Monday, May 12, 2008

Thoughts on Kundry

It’s no secret that Parsifal is in my “top 5” when it comes to “favorite operas (not an easy category).

I was therefore, a little incensed when someone suggested to me that the role of Kundry makes only a meager contribution to the opera, that basically she is “limited to the second act” – and therefore could easily be relegated to a “non-entity” type of singer – “or someone just starting out.” He asked “Does Kundry matter?”

Naturally, I couldn’t have disagreed more. I cited Kundry as being one of the most fascinating, perplexing, and ultimately touching roles any singer could want. Not only in each act does she appear creature transformed, but actually transforms before us – an operatic shapeshifter.

The Act I wild woman in no way prepares us for the sultry seductress who of Act II, who is more – far more – than merely a singing siren. Kundry must make us feel her pain, and a good one always earns the sympathies of the audience, putting across her anguish and torture. There is a regality, a superiority over Parsifal as she attempts to entice him and produce the same results she has for centuries – the same way she helped ruin Amfortas.

I have always found her opening screams in the second act to be the ultimate horror of one waking who realizes they are still alive when they would rather be anything but. Then, after all of the blustery chatter and exoticism of the Blumenmadchen, Kundry remerges with her second entrance of the act, and following her "Parsifal Weile!" . . . well, what follows that entrance is simply mindboggling – one of the most powerful, lengthy duets in all of Wagner. In short order Kundry tells Parsifal of Herzeleide’s demise, comforts him, falls in love with him (as best she is able) then alternates between disgust, heartbreak, contempt and longing. Talk about conflicted! All the while, Kundry is simultaneously attempting to continue Klingsor's dirty work, yet, something of the innocent fool really has caught her fancy, captured her even. In that capture she longs for him to – and believes he can - save her, release her from this endless life: Redeemed.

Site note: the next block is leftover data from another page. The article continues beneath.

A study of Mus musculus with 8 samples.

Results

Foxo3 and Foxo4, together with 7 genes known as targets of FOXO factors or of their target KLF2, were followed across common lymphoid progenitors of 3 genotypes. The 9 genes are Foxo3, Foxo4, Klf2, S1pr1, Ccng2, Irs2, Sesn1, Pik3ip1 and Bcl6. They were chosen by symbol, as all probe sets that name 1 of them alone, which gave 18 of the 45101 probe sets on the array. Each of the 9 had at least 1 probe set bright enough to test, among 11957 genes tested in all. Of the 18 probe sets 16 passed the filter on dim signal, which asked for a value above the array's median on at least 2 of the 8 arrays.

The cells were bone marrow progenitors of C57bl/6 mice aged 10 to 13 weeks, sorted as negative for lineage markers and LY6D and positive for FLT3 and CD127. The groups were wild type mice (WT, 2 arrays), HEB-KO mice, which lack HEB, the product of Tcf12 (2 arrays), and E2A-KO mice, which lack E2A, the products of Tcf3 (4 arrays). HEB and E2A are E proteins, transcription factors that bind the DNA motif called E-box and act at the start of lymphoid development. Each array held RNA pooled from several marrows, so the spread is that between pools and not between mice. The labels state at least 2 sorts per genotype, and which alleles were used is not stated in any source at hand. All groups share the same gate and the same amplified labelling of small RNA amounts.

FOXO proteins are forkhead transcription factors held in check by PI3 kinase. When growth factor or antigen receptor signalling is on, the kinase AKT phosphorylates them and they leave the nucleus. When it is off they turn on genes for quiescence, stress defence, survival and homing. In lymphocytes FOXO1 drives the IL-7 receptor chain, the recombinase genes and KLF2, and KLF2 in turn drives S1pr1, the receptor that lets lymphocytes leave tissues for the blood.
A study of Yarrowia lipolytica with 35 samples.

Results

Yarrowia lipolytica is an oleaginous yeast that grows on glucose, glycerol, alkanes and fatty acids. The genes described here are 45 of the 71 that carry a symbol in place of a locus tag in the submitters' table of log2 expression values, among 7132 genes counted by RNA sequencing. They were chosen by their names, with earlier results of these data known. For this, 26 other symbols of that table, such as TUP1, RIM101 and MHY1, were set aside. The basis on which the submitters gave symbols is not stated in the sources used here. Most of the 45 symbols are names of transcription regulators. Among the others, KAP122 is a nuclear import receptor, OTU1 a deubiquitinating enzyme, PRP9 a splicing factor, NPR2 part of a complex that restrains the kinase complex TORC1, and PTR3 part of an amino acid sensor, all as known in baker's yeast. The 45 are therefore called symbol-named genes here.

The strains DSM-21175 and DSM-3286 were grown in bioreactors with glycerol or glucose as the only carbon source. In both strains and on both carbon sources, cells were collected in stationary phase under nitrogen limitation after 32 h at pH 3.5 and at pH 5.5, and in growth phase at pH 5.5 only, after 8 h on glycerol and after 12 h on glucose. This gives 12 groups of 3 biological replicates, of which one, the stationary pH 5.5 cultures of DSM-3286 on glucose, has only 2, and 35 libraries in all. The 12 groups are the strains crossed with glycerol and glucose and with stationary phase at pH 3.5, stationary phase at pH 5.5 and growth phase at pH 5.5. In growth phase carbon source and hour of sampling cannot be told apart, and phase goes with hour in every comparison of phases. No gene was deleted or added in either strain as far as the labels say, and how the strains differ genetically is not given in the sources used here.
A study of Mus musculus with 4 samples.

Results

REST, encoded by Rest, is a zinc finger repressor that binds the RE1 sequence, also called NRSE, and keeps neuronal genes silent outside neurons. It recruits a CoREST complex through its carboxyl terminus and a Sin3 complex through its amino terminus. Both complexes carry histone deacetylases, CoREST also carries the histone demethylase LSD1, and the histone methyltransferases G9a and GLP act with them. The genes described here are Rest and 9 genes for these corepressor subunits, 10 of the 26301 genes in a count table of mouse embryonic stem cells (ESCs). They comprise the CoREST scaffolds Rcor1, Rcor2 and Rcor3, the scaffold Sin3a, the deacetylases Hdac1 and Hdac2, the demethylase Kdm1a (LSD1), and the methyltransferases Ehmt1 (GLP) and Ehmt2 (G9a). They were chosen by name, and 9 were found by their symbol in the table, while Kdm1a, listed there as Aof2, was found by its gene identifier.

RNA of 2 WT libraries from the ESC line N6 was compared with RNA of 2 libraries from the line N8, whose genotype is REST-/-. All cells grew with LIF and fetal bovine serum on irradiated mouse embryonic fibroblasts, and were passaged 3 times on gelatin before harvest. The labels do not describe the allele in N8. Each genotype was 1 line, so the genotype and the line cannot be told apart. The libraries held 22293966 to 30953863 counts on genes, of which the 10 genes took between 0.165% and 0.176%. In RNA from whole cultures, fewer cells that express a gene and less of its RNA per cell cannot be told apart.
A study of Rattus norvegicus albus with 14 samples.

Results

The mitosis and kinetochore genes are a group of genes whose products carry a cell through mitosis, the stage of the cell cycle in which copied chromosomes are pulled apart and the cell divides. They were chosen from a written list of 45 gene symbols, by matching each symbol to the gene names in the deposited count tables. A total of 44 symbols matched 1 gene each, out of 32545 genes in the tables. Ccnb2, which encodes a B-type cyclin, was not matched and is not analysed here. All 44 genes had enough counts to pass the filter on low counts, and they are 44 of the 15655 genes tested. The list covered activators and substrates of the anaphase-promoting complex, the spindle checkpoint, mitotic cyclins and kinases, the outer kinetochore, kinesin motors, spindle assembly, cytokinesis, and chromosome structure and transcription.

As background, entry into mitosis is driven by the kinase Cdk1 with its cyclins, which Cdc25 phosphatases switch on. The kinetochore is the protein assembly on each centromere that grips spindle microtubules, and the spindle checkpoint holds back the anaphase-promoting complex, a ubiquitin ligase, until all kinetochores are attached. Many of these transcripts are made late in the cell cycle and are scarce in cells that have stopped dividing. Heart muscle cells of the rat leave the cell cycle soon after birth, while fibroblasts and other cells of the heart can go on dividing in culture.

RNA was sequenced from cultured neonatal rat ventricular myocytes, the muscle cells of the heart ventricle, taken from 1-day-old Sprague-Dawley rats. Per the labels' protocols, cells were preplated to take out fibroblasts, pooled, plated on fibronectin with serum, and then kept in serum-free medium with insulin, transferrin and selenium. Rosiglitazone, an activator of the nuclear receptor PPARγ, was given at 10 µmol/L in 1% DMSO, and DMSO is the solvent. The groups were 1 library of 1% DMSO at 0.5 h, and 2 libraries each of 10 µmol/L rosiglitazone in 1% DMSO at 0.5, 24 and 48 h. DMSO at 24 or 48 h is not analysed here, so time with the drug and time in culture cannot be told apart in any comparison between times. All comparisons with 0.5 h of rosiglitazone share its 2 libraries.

(I always think here, E. Marty ain't got nothing on Kundry!)

What makes all of this even more interesting (to me at least!) is Parsifal possesses pretty much the same conflicts within himself as Kundry. As an audience, Wagner lets us in on something – and we realize Kundry has taught Parsifal a lesson which he doesn't even realize. It’s brilliant really, what Wagner does here. He has woven around this complex, bizarre twisted tale of carnality, rage, torment and hope, one of the great duets in all of
opera: a perfect union of text and music. As bizarre as this may sound, when listening (or watching and listening) to this duet I often forget I'm listening to music at all – my life, my psyche, inextricably linked - intertwined with the experience of Parsifal and Kundry – shutting out entirely the rest of the world and whatever it may hold.

(Okay, I’ve calmed down).

Kundry’s third act can provide a fine singing actress with a most remarkable and rewarding challenge. With almost nothing to sing, she is a major presence, her “silent actions as important to Wagner’s drama as all of Gurnemanz’s endless pronouncements on nature, and forgiveness and redemption. Wagner saw Kundry's role as absolutely necessary in this tale and ultimately, her redemption is, equal to every other element of the opera. No matter how far out the staging may be, we hear it in the music. After hours of conflict, mystery, confusion, rejection, Kundry’s tortured soul finally finds release, and so do we.

So, once again: Does Kundry matter? Hell yeah!